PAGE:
Do you ever find your energy ebbing when you’ve been working on the same thing for too long? You’re not alone! Working for long periods of time without breaks can be taxing on the brain. And pushing through periods of fatigue may mean you’re working much less efficiently than if you were to take a break and come back to the task later.
If that sounds like you, you may want to consider using the Pomodoro time management method. It’s a technique that involves breaking down your work time into intervals to give you the breaks you need to be most productive.
According to the Pomodoro Technique, working in 25-minute increments followed by short breaks can work wonders. I follow it often myself, and I find I get a lot done and avoid burnout.
In this post, I’ll share exactly how to use this method to take your productivity to the next level.
You may be wondering how the Pomodoro method got its name. It was first developed by Francesco Cirillo who used a tomato-shaped kitchen timer to time his intervals. Pomodoro is the Italian word for tomato, and the name stuck.
To use the Pomodoro Technique, follow these steps:
Step #1. Choose a task to work on.
Start by choosing a task to work on. This doesn’t have to be something you can complete in 25 minutes. But the key is for it to be one single task, versus multi-tasking.
Some examples of tasks I work on are:
- Writing a blog post.
- Editing, preparing and then scheduling a blog post. (I do these steps sequentially.)
- Responding to emails. (Each email may take from 1 to 20 minutes to respond to, but I do them back to back to take advantage of being in the flow.)
- Writing an email newsletter to my email list. (You can sign up here!)
- Working on a new product.
- Packing orders for my Etsy shop.
Pick one task, and get ready to get to work!
Step #2. Set a timer for 25 minutes.
You can either set a timer on your phone, on a physical timer like an egg timer, or through a browser extension. I use Marinara: Pomodoro Assistant for Chrome and love it since an alert pops up on my screen when it’s time to take a break. It’s also free!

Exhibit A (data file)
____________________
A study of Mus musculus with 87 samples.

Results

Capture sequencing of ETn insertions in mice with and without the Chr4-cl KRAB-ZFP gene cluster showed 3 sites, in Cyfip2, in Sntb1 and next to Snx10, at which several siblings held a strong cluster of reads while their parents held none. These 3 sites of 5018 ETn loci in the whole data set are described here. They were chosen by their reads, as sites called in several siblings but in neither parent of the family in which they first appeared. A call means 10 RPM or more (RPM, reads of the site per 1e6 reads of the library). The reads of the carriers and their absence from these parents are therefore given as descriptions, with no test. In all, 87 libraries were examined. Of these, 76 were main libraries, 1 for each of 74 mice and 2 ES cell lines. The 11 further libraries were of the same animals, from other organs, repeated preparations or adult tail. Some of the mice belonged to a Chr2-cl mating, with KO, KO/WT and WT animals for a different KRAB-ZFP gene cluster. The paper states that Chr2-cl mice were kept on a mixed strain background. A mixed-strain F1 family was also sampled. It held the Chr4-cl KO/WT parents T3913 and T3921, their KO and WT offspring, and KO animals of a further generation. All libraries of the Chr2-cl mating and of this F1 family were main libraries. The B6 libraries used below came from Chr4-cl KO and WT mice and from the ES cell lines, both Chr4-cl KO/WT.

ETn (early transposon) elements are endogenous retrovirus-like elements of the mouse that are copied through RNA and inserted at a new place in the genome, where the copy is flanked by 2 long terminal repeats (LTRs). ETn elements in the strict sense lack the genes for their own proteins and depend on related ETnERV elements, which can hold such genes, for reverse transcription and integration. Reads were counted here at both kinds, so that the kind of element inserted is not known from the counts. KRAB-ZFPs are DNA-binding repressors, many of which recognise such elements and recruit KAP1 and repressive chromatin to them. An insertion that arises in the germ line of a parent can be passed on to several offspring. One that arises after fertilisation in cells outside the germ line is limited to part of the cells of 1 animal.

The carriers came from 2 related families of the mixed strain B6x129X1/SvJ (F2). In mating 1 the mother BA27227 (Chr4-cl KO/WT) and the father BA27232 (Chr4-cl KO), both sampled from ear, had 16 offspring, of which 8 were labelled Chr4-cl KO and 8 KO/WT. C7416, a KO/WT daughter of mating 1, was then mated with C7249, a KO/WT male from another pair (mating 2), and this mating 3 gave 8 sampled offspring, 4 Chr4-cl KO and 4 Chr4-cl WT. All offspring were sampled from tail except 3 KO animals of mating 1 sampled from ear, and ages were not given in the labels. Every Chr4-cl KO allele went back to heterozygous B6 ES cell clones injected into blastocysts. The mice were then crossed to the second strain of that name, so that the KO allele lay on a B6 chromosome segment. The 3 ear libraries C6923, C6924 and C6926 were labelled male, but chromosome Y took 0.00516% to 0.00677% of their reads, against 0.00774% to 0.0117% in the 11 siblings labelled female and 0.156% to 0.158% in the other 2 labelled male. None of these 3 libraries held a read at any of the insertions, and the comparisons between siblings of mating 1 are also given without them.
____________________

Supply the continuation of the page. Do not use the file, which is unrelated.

Step #3. Work on the task.
Get to work! You can listen to music or put on some background noise if that helps you get in the groove.
Step #4. When you hear the timer ring, take a 5-minute break.
If you work at a computer or desk, I’d recommend getting up and either stretching, going for a little walk (even around your office!) or completing a task away from the computer (like folding laundry). It can be tempting to just turn off the timer and keep working, but giving yourself a break will make you more productive when you return to the task.
Step #5. After four 25-minute work intervals, take a longer break of 15-30 minutes.
Once you’ve worked for four 25-minute intervals (each with a 5 minute break), two hours will have passed. (If you’re using something like Marinara: Pomodoro Assistant for Chrome, it will tell you.) It’s now time for a longer break! Take at least 15 minutes off. Now would be a good time to grab a snack, go for a walk, or just veg out. You can also stop working at this point for lunch or for a workout. Whatever you do, make it a decent-sized break!
If you try the Pomodoro method, leave a comment and let us know how it goes. And for more tips on productivity, grab my FREE guide for How to Supercharge Your Productivity. You can find it in my Resource Library under the Planning and Productivity section when you sign up below.